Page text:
The Dollar: is this a New Pandemic Approaching Egypt?

Imagine a world where 1 dollar is equivalent to 63,800 of your currency. Horrendous, right? Being the reality of 5 million people residing in Lebanon, you don’t need to quite ‘imagine’ as the struggle continues to rise in complexity. 

But what does that mean? And could Egypt be heading there? 

Back in October of 2022, 109 million Egyptians woke up to the news that their currency had experienced a significant devaluation against the dollar, rising from an average of 17-18 LE per 1 Dollar to 23 LE overnight. Hence, an equivalent increase in the cost of living and a slow, but sure, deterioration in the quality of life of many Egyptians within the country has become a crisis. However, not many could have foreseen how the Egyptian currency will rapidly evolve into the fastest deteriorating currency globally in the coming months – so much so that 1 Dollar today is equal to 31 LE.

So what led to that decision? And with hindsight, does that mean that the Egyptian currency will continue to experience obscene devaluations in the near future? 

Being ‘in debt’ is against the common belief of the general Egyptian public, yet it is not a new notion – existing from the very era of Pharaohs. In fact, Egypt has been in huge debt since almost the second world war due to the country’s grave trade deficit, where its imports largely surpass its exports. This is undeniably problematic because Egypt’s trade deficit exists in significant sectors of the economy and society. A major exception though it is a factor in economical problems is the food sector where Egypt ranks first globally in wheat imports, clothes, industrial equipment, and heavy machinery. 

That being said, how has the Egyptian currency managed to maintain a somewhat dignified value against the US dollar for the past 2 decades? 

3 sparks: remittances from Egyptians living abroad; foreign relief aid and the tourism sector, with the second being the most important of the 3.

The recipe for the current economic crisis has been long in the making for Egypt – a country historically notorious for its rather lacking financial status globally. In 2016, the Egyptian government sealed a deal with the International Monetary Fund for 12,000,000,000 Dollars in exchange for the Egyptian currency to float freely.

In a matter of weeks, the Egyptian currency halved in value and stark governmental amendments were implemented, including electricity and energy rationing. And while that decision led to the devaluation of the pound, no eminent threat was registered in the Egyptian streets; instead, everyone simply dealt with the financial situation at hand and laughed it off.

Things truly began going south for the North African country when COVID hit. The world went into lockdown. Travel stopped and with that, Egypt’s pride and glory aggravated – tourism. This led to an insurmountable fall in Egypt’s annual FDI and income and to make matters worse, the World Bank had stopped supporting the Egyptian currency and let it settle freely in the global economic markets, leading to its inevitable fall.

As if that weren’t enough, when the Russo-Ukrainian war began in early 2022, the world experienced a menacing shortage of wheat as Ukraine was the main manufacturer. Egypt is the world’s first wheat importer; thus, food elements and other commodities skyrocketed nationally as a direct result of Egypt’s high foreign dependence.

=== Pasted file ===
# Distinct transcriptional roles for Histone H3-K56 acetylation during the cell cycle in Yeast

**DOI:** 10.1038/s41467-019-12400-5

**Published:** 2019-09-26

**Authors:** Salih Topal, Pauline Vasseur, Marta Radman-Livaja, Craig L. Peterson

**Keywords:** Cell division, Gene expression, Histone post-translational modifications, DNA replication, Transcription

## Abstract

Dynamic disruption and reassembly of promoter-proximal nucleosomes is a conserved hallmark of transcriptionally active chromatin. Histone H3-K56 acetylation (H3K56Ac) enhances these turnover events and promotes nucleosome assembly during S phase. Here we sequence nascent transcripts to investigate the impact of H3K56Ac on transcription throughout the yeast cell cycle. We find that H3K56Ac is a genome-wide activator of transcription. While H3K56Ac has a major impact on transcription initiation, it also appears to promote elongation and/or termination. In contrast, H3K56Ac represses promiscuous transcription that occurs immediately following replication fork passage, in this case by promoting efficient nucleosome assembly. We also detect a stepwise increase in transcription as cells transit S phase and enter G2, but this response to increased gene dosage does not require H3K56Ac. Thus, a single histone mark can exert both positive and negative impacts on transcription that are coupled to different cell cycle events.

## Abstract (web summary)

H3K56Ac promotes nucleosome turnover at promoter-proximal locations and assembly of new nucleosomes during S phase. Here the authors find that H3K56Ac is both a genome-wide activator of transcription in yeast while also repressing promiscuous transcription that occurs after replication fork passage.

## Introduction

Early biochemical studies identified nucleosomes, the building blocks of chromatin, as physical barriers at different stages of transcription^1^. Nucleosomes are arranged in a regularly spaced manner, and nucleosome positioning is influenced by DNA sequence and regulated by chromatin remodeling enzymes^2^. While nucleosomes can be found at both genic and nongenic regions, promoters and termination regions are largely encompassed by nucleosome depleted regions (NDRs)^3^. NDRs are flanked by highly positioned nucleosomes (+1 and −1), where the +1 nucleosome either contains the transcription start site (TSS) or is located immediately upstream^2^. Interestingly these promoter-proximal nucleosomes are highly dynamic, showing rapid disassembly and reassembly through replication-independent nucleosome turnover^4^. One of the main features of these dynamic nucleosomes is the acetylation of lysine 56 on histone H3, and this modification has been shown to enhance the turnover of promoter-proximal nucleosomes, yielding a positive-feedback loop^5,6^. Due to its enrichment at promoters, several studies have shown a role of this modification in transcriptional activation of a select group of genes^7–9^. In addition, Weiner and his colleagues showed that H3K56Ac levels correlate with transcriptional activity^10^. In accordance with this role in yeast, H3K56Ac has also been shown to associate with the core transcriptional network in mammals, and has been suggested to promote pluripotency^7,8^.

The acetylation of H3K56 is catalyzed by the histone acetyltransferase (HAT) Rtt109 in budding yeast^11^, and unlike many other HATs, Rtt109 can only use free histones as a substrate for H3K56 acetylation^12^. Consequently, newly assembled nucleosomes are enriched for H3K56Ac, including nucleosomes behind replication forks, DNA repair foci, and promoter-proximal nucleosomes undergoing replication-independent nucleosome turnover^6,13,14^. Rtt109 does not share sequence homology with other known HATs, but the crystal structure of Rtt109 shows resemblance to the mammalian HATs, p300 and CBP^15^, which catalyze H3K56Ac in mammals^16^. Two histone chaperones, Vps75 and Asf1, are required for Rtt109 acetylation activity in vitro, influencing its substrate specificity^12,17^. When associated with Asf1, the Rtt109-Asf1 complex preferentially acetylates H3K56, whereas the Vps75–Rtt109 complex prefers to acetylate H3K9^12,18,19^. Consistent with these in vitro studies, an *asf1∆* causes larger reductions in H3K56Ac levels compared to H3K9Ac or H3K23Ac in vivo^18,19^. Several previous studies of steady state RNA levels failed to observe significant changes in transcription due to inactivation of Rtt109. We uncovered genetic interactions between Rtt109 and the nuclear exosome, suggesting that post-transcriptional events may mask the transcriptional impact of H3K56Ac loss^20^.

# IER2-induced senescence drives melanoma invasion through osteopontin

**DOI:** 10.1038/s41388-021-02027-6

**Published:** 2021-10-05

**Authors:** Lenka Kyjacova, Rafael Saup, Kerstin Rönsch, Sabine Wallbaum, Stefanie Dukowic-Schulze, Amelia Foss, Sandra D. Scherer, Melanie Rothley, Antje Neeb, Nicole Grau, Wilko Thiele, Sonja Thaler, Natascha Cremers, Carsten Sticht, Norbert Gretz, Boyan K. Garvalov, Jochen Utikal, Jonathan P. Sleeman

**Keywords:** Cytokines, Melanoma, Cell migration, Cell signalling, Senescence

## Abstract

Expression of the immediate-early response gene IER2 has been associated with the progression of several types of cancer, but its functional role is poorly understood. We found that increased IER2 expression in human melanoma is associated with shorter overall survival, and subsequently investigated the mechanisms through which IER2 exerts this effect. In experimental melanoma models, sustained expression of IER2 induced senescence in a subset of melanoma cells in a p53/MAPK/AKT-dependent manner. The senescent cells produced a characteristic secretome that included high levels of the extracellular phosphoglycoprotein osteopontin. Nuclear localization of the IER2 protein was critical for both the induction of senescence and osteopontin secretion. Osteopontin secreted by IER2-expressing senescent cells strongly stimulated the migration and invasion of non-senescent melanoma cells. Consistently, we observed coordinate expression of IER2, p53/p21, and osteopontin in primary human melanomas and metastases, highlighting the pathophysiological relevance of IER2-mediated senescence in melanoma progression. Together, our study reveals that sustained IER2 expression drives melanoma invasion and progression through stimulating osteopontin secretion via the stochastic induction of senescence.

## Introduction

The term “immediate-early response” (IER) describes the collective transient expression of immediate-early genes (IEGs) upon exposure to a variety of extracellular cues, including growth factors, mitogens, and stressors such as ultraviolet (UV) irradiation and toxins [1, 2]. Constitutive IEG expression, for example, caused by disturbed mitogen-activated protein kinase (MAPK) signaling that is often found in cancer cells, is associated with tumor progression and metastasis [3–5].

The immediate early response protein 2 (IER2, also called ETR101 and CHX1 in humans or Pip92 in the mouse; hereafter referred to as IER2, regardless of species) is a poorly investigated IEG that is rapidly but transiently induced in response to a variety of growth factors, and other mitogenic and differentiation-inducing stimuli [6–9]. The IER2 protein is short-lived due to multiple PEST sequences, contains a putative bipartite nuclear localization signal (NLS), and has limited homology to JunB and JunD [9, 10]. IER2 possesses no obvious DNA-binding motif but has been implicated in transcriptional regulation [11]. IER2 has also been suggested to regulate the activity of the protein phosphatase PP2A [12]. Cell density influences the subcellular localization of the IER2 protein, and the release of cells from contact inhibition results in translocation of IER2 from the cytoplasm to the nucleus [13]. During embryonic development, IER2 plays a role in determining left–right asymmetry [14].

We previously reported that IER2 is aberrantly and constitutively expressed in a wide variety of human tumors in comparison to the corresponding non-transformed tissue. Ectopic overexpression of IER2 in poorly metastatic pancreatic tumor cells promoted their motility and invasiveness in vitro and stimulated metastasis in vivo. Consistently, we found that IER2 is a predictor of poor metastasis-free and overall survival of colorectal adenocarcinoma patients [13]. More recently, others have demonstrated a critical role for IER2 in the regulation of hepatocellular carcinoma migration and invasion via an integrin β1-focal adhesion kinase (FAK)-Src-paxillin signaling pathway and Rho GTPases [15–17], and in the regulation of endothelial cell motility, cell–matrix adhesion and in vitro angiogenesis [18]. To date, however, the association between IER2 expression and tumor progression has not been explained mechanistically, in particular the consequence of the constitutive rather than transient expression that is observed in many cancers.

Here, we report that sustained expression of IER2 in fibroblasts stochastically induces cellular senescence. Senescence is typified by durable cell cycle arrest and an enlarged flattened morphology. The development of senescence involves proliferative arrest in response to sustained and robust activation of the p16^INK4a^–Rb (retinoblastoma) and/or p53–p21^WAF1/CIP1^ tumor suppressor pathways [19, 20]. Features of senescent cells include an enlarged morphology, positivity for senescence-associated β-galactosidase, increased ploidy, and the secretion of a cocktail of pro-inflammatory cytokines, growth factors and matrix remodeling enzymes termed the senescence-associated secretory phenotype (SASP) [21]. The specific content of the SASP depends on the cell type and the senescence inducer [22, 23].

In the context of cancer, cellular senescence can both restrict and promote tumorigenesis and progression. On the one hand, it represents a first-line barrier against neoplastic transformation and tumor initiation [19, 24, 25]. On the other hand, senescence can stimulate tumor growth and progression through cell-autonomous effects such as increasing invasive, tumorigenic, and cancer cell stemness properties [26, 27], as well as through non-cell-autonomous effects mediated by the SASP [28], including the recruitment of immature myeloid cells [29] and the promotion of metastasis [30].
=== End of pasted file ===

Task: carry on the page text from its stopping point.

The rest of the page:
We’ve now reached February of 2023, when the Egyptian government (low on finances) has established a $3,000,000,000 deal with the International Monetary Fund (IMF). This shall be under the condition to yet again allow the forces of supply & demand to determine the value of the Egyptian pound, sending the currency plummeting, with a loss of up to 35% of its value overnight.

While the pound now settles at 31 LE per 1 Dollar, many fear that the worst is yet to come. 

As urban inflation witnessed a jump from around 17% in the years prior to IMF involvement to 21% today, causing significant distraught amongst the general public, specifically to the 60% of Egyptians who live below or at the poverty line. 

With Egypt being the IMF’s second greatest debtor, less than half of its income spent repaying its debt’s interests and the billions lost in attempts to stabilize the currency at a lower value. Is there any hope Egyptians can hold onto it in the near future??

The answer is, surprisingly, yes! 

Egypt has registered a jump in its exports of 23.3% in the past 10 months, generating a whopping 42 dollars, 800, 000, 000. Not only is this increase greatly attributed to the competitive prices of Egypt’s exports, but also due to the industries beginning to see the light of day after all of the IMF investments were placed where they were due.

Additionally, for the first time in quite some time, Egypt is perceived as an attractive investment prospect, with many big companies, including the tech giant, Siemens, allocating substantial amounts to investing in the country. Finally, within the past few months alone, the Egyptian tourism industry has borne witness to a boom, increasing generated revenues within the sector by an indiscernible $5,000,000,000. 

So while the economic situation, bordering on a crisis, is placing unspeakable strain on Egyptians, there’s a silver lining because the deeply cultured country has severed a lot in the past years, dealing with years of political unrest from 2011-2016 and thus impacting the financial stability of the country.

Readjusting and getting the country back on its feet will, unfortunately but necessarily take quite some time. It’s important to note the lengths the Egyptian government has gone to during this crisis to ensure the economic maintenance & longevity of Egypt’s low class. 

In other words, Egypt isn’t following Lebanon’s steps anytime soon (hopefully).